From inflating tires to refinishing wood furniture, air compressors are one of the most versatile tools on the market. That's why it's so important to zero in on the exact specifications of your air compressor and its tank. If you're wondering how to decide what size is best for your needs, consider the following guide. 

Why Is Tank Size Important?

While the motor of your air-powered tool is operating, it is using up all the compressed air reserved in the tank. At a certain point, all the compressed air will have been utilized, and the motor will need to shut off so that more can be produced. Therefore, the size of your air compressor tank will dictate the duration of your work sessions. 

Some power tools need an uninterrupted supply of compressed air—such as sandblasters—while others only need short bursts of energy, like brad nailers. Ideally, you’ll want to limit the number of times the motor needs to switch on and off to refill the compressed air tank.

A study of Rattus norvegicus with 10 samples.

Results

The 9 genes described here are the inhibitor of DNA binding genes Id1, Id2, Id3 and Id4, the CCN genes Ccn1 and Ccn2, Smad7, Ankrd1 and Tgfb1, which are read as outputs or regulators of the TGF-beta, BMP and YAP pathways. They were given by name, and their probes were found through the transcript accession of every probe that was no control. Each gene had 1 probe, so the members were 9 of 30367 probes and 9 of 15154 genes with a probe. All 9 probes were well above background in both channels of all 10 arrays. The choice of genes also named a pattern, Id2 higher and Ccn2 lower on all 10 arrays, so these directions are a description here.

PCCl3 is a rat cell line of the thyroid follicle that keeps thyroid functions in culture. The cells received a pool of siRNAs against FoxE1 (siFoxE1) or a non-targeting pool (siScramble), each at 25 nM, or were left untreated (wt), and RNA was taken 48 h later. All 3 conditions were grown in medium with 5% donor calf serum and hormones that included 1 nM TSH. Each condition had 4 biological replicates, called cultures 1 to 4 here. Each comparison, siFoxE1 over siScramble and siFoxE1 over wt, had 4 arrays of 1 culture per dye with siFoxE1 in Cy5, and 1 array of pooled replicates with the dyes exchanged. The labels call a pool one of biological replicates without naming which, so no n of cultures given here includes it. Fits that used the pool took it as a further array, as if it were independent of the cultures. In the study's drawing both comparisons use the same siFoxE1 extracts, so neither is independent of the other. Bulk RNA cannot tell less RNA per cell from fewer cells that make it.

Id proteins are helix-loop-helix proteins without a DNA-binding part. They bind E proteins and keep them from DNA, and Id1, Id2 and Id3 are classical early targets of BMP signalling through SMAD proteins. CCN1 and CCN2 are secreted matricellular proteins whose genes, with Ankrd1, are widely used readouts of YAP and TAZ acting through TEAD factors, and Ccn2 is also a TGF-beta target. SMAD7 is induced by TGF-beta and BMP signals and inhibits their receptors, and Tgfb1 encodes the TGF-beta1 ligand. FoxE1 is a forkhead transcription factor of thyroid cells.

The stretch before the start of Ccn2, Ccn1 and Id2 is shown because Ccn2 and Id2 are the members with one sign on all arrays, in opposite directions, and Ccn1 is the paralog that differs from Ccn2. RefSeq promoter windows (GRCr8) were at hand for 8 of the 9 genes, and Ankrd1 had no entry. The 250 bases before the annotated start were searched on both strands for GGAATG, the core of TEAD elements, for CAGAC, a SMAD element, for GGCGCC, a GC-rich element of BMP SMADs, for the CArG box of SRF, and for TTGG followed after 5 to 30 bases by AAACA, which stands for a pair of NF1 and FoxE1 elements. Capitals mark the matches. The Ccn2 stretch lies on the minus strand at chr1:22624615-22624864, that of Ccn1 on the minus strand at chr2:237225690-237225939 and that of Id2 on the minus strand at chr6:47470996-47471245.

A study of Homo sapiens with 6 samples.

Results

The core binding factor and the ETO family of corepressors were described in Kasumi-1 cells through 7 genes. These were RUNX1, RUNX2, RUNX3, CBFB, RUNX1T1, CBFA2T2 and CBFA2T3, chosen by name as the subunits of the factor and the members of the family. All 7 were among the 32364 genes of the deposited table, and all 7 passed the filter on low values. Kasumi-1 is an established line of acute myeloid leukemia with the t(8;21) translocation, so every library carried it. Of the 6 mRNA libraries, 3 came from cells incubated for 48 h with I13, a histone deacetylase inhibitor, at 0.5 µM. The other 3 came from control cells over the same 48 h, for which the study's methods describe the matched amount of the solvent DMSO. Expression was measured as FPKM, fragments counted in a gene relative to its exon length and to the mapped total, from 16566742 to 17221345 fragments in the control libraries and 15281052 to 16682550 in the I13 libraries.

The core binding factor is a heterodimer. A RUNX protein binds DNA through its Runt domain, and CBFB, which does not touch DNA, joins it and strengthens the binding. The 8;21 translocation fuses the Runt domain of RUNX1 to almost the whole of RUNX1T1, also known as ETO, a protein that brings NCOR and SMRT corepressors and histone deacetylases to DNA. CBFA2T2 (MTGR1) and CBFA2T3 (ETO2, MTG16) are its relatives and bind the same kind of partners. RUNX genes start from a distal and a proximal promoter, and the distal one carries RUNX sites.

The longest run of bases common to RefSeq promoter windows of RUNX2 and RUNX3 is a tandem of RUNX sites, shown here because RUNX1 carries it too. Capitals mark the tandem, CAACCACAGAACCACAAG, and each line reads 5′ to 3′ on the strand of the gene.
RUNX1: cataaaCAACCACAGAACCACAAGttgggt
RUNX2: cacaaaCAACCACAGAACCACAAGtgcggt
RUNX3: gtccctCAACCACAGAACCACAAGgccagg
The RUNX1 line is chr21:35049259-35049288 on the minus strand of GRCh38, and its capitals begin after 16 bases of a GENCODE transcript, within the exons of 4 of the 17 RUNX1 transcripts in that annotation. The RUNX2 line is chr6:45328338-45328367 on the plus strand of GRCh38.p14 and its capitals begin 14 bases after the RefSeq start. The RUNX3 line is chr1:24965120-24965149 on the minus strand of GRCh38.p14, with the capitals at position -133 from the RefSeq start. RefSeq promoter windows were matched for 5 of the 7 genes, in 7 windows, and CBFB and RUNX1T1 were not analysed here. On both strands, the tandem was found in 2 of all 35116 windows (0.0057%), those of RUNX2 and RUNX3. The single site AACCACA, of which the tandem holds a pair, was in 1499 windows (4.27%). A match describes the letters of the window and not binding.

Not only is this optimal for the compressor’s life span, but it will also enhance your productivity. Therefore, if your jobs require long-term, continuous air power—such as blowing up an inflatable pool or sanding an entire wardrobe—a 20-gallon tank will make the task much easier than a two-gallon tank.

How Do You Determine What Size You Need?

Air compressorTo choose the right tank, you’ll need to consider how much airflow your compressor provides or needs to provide. This power is measured in Standard Cubic Feet per Minute or CFM. Essentially, you’ll need to match the CFM rating of the air-powered tool you use most to the CFM rating of the compressor tank. This figure will fluctuate depending on how pressurized the air is, which is measured in PSI.

First, check the manuals of all your air-powered tools to see what CFM rating their manufacturer’s recommend. You’ll need to find an air compressor that can keep up with your most power-hungry air tools. To do this, calculate the CFM times 1.5. The number you end up with will point to exactly what size air compressor tank you need. For example, the average CFM for a die grinder is five at a PSI of 70–90. If 5 x 1.5 = 7.5, you’ll need an air compressor with at least 7.5 CFM.


If you have more questions about choosing the right air compressor and tank, reach out to Industrial Compressor Supplies of Maryland Heights, MO. They can point you to the right air compressor for your needs and provide parts and accessories to enhance your project. They also offer 24/7 emergency repair services in the St. Louis area. To learn more about their offerings, visit the website, or call (877) 426-3131 today.